Mechanical aspects of ocean current energy capture are considered with emphasizing a difference between mechanical problems in capture of current and wind energy. Because of this difference, underwater power stations have to be built as anchored frames, oscillating wings have a higher effectiveness than rotating blade, and biofouling becomes the most important problem of maintenance.


The environmental challenge and global energy needs have changed the relation of technology paths for energy production over the past two decades. Renewable sources of energy with little environmental impact have started to attract the attention of both scientists and governments. Flow energy is the cleanest and most renewable source for electric power generation, although it requires large areas for collection. Hydropower is the oldest and very effective renewable energy technology. The density of hydraulic energy (the energy quantity per area unite of flow cross-section) in the flow within hydraulic power stations is much greater than in wind or currents. It occurs because dams have been constructed to increase this density near electric power stations; but the dam construction leads to environmental issues, including flooding of lands, impact on the water quality and the fish population. Thus, other paths of flow energy capture have also been considered.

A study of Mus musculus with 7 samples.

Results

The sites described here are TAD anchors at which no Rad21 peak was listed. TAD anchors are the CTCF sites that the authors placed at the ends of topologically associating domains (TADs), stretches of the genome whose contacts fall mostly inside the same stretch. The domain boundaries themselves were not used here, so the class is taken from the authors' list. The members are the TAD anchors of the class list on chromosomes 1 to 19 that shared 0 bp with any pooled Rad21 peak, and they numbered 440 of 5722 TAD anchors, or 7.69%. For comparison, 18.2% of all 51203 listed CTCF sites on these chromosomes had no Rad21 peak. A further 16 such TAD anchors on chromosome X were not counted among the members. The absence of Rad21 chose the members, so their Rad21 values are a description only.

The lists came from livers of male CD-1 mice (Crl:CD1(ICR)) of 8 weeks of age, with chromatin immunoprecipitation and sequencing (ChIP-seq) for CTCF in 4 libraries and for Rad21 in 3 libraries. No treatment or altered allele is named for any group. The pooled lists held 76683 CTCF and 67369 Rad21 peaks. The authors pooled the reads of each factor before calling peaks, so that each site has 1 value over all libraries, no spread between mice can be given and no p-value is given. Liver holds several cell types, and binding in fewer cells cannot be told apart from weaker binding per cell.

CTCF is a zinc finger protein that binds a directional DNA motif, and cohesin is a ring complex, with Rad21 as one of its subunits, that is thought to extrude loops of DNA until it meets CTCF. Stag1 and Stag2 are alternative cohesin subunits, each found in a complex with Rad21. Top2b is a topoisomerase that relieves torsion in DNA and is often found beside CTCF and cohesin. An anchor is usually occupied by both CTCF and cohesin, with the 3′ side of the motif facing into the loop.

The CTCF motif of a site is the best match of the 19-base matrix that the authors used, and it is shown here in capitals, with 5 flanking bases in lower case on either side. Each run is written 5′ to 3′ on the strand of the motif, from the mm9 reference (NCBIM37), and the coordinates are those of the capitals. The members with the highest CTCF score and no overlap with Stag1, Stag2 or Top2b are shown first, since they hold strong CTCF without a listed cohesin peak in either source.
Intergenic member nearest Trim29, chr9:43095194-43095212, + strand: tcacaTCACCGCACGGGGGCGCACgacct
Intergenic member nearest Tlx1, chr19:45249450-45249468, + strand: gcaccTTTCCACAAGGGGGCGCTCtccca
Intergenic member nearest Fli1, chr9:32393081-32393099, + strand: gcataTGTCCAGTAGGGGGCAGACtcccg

Impressive successes in capturing renewable energy were attained by using wind energy. Experience in airplane propeller design served as the basis for the development of devices to transform wind energy into the energy of a rotating device. The wind plants can be built near customers, and neither energy transfer, nor maintenance of these plants and power nets is a problem. In the near future, the significant efforts must be made1 to improve the efficiency of these plants and reduce their negative environmental factor (such as noise).

However, an essential issue in the capture of wind energy is the relatively small density of this energy. For a wind of 10 MPH, 1 m2 of the flow cross-section cannot give more than 85W of power, but losses reduce a real limit to less than 50W/m2. The density of ocean current energy is not much higher than wind energy because the currents are slow. Average speeds of the open-ocean surface currents remain below 0.5 m/s. Exceptions to this are found in the western boundary currents, such as the Gulf Stream; their velocities in some places rise up to 1-2 m/s. Nevertheless, the currents are not intermittent, and they are seasonally stable. Therefore, the ocean energy capture becomes quite attractive.

The significant physical similarity between flows of air and water (between winds and currents) encourages to urges a direct transfer of the knowledge gained in a successful experience of wind energy capture to an attempt to capture the energy of ocean currents. In our opinion, it looks like an intention to cross the ocean in a car, and we are going to explain how the problem of ocean current energy capture relates to ocean engineering. It is very important to emphasize the specific issues involved in a capture of ocean current energy.